As Montana and Idaho pass laws to drastically reduce the wolf population, anti-hunting groups leverage the Department of the Interior to reinstate ESA protections.

New Wolf-Hunting Regulations Prompt Petition to Revive Protections

Wolves have been removed from federal protection since their rebound in 2011, but many anti-hunters just aren't happy with the facts. (Petersen's Hunting photo)

As wolf numbers skyrocket across the West, legislation in both Idaho and Montana has been signed into law allowing for the states to control their numbers via hunting within the boundaries set by United States Fish and Wildlife Service in 2011. This sparked outrage in the anti-hunting and animal rights communities, driving them to attempt to leverage Interior Secretary Deb Haaland to take emergency measures that could put wolf hunting on hold in these states.

Anti-hunting groups including the Humane Society, the Center for Biological Diversity and the Sierra Club seem to disagree with the fact that hunting is conservation. Their urgency for over-protection seems to be stemming from the recently passed legislation that allows shooting guns from helicopters, hunting with night-vision, and effective trapping methods in the form of snares.

Idaho’s and Montana’s legislative directives to kill wolves by nearly any means possible seriously endanger wolf populations in the West,” said Andrea Zaccardi, a senior attorney at the Center for Biological Diversity. “The U.S. Fish and Wildlife Service should immediately return Endangered Species Act protections to these wolves to halt the impending statewide slaughters before it’s too late.”

The three animal-rights groups have filed a legal petition asking the Interior Secretary to act quickly as to halt the management practices before they take effect on July 1st of this year. As we have seen already since her confirmation in March, Haaland is not afraid to take controversial steps to limit and control hunting.

The new regulations for wolf management were spurred after years of attempted management to keep wolf populations at sustainable levels. While Idaho proposed the need to remove 90% of the population, it is completely science-based, as the wolf population and—under current regulations—has continued to grow well over the management goal. When introduced to the state, federal management objectives were set at 150 animals. The numbers now well and exceed 1,500 and remains stable—according to recent Fish and Game surveys.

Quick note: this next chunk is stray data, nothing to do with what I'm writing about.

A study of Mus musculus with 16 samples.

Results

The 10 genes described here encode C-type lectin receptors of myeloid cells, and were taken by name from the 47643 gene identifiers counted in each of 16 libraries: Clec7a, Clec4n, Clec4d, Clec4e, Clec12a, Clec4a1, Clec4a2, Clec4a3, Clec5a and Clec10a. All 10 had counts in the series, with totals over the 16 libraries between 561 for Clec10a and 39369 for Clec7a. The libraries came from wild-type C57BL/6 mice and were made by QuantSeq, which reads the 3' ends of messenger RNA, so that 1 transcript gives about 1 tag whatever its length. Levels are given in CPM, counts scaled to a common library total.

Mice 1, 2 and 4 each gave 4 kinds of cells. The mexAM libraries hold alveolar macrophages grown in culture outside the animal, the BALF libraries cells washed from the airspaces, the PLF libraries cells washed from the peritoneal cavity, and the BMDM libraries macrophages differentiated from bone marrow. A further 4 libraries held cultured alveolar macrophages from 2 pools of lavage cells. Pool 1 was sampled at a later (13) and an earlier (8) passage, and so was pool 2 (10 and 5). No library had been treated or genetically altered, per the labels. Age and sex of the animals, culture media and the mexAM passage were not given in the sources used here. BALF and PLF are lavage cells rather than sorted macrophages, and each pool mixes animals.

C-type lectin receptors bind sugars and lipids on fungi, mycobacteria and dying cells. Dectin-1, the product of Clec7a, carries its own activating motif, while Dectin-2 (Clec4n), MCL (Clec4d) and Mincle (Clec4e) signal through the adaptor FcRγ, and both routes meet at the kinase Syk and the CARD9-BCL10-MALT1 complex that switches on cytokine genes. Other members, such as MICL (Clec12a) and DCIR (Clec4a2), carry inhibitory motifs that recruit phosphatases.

“Today, gray wolf populations actually exceed the population goals set forth in the ESA,” said W. Laird Hamberlin, CEO of SCI, after the delisting of gray wolves in the Midwest. “The delisting was a scientific determination by wildlife professionals that wolf numbers were strong and growing and, therefore, management of the wolves could and should be turned over to the appropriate state and tribal wildlife agencies.”

The anti-hunting groups who oppose the advice of wildlife biologists are painting these pieces of legislation as an uncontrolled slaughter of wolves in the states. This is simply not true. What they have failed to realize is that full federal protections for the preservation of the species can in fact be harmful to other animals, humans and livestock—a leading concern in Idaho. They also fail to understand that these numbers are set by biologists who determine what the ecosystem needs and how many wolves are needed to maintain a breeding and sustainable population.

Montana’s new law also seems drastic to the anti-hunters.  The now-legal methods of hunting have the potential to remove up to 85% of the state’s population. Although this seems dramatic, the population needs to maintain, at a very minimum, 15 breeding pairs of wolves. These are numbers that the Montana Fish, Wildlife and Parks officers and biologists fully protect and monitor.

"It wasn't to reduce them to zero, it was to reduce them to a sustainable level," said Greg Lemon with Montana Fish, Wildlife and Parks. "We've got the track record and the statutory framework to ensure they are managed to that sustainable level."

Safari Club International (SCI) along with The National Rifle Association (NRA) recently halted a lawsuit seeking to reverse the decision to delist gray wolves in the Midwest—a big win for conservation and hunting. It looks like these two groups may have another fight on their hands here soon.

With calls for Haaland to act before the new regulations take effect, we should be seeing the measures taken within the next month. Although, even if the petition is granted, this story won’t be over for some time to come. Unfortunately, the overly politicized Wolf Wars will continue. As hunters, it’s our responsibility to educate those around us on the differences between conservation practices and full-blown preservation policies. Conservation requires much further research, hands-on management and hard choices; yet it always has—and will continue—to prove more beneficial for the species as a whole.